Wikimedia projects benefit from Bodleian Libraries residency

This post was written by Dr Martin Poulter, Wikimedian in Residence at the Bodleian Libraries For anyone looking to define … Continue reading “Wikimedia projects benefit from Bodleian Libraries residency”

  • Martin Poulter
  • July 16, 2015
The image shows a colourful watercolour of Gautama Buddha sitting beneath a pagoda
18th century Burmese watercolour featuring Gautama Buddha. From the Bodleian Libraries

This post was written by Dr Martin Poulter, Wikimedian in Residence at the Bodleian Libraries

For anyone looking to define Taijitu, Putso or Sangha, or to learn about Elizabeth Fry, the Junior wives of Krishna, or the Royal Ploughing Ceremony, one of the top internet search hits will be Wikipedia, the free encyclopedia. Articles about these, and hundreds of other topics, are now being improved using the Bodleian Libraries’ historic collections.

Images from Digital.Bodleian collection are being uploaded to Wikimedia Commons, the database of freely reusable digital files. From here they can be embedded in articles not just in English Wikipedia, but in other languages and in other educational projects. So far, more than six hundred articles, across many different languages, are illustrated with images from the Bodleian  Libraries, reaching a total of nearly 1.5 million readers per month.

The Bodleian images come from many different countries and eras. The themes range from the serene watercolours of 19th century Burma (present-day Myanmar), via geometrical diagrams in an 11th century Arabic book, to the nightmarish demonic visions of the 14th century Book of Wonders.

A taste is given in an image gallery on Commons. Clicking on any of the images – here or in Wikipedia – and then on ‘More details’ will bring up a larger version, along with links and shelfmarks so that interested readers can track down the physical object.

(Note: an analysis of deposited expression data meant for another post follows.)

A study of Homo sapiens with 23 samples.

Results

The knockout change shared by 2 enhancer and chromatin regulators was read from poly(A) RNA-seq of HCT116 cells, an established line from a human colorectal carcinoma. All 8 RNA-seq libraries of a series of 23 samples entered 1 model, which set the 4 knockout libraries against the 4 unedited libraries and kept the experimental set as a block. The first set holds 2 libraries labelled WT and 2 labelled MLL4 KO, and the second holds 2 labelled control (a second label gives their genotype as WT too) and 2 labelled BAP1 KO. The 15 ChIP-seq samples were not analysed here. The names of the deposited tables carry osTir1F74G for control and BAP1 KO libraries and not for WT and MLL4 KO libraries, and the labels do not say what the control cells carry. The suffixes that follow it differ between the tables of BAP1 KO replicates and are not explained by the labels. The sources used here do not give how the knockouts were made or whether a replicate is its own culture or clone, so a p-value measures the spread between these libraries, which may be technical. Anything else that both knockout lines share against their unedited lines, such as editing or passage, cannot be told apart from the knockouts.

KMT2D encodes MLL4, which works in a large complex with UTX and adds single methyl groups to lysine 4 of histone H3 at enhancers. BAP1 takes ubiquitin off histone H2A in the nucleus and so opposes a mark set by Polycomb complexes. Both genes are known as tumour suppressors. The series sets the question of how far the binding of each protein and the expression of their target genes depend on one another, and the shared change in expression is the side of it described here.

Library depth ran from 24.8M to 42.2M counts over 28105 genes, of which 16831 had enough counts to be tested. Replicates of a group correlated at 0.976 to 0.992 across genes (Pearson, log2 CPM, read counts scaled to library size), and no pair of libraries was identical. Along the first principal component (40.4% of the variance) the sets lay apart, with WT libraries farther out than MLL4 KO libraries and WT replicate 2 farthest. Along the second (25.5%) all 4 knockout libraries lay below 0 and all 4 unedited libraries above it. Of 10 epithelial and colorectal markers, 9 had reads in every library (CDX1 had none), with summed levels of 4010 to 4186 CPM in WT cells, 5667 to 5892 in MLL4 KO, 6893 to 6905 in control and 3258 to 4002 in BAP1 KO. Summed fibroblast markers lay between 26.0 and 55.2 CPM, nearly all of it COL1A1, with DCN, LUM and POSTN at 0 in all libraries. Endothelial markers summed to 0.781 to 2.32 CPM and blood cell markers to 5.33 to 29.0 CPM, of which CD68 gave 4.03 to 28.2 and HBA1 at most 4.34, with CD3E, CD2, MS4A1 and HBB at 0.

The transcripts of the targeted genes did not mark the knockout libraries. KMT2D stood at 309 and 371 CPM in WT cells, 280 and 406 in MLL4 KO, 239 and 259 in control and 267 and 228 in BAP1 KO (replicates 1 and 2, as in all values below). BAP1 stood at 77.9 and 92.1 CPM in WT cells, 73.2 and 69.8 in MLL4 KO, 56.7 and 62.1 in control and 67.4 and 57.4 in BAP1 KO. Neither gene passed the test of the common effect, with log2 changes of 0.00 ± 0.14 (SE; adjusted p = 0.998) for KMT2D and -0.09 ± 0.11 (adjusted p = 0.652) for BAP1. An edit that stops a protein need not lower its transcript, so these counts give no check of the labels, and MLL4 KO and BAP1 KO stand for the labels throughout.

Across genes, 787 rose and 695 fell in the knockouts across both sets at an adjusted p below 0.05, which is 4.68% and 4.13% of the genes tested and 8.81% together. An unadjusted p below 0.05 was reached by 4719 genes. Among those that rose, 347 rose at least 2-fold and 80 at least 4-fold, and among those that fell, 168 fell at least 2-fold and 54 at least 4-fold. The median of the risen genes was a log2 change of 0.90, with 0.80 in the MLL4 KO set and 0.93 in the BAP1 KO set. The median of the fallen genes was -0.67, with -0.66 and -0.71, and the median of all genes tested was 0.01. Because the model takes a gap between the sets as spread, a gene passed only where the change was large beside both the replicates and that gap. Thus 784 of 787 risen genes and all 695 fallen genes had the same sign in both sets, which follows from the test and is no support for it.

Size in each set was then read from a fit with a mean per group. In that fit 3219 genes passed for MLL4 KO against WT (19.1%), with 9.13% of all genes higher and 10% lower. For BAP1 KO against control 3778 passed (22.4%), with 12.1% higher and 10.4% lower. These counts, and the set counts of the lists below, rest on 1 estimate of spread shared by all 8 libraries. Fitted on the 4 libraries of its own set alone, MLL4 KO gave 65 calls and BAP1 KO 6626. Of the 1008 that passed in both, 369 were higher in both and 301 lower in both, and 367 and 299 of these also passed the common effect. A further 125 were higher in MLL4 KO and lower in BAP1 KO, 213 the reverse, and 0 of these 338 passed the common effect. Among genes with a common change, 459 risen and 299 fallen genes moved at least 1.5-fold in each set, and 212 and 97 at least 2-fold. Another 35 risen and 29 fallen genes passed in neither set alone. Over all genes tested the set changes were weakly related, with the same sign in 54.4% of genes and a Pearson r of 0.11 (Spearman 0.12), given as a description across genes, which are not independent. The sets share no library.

Anyone is allowed to edit the entries for the images, for example to translate descriptions into other languages. However, these edits are monitored to make sure they respect the educational goals of the site.

This is just the start of an ongoing project: more files and more themes will be added over the next nine months. The Bodleian Libraries’ Wikimedian In Residence, Martin Poulter, welcomes enquiries at

2 thoughts on “Wikimedia projects benefit from Bodleian Libraries residency”

  1. Hi Nemo. I’m using two categories. One is the “Files uploaded by the Bodleian Libraries’ Wikimedian In Residence” category that you’ve linked to. The other is “Files from the Bodleian Libraries”, to which the numbers in this blog post refer. The latter category includes the former (so far), but also includes other uploads of digital files which I’ve identified as coming from the Bodleian Libraries. There will files uploaded by me that have come from other cultural organisations, and files not uploaded by me but which have the same origin, so the two categories will overlap but not be identical. I agree that we’re very lucky to be working with the Bodleian and in future months there will be even more diversity of material. I hope this makes sense. Best to ping me via email if you have further questions.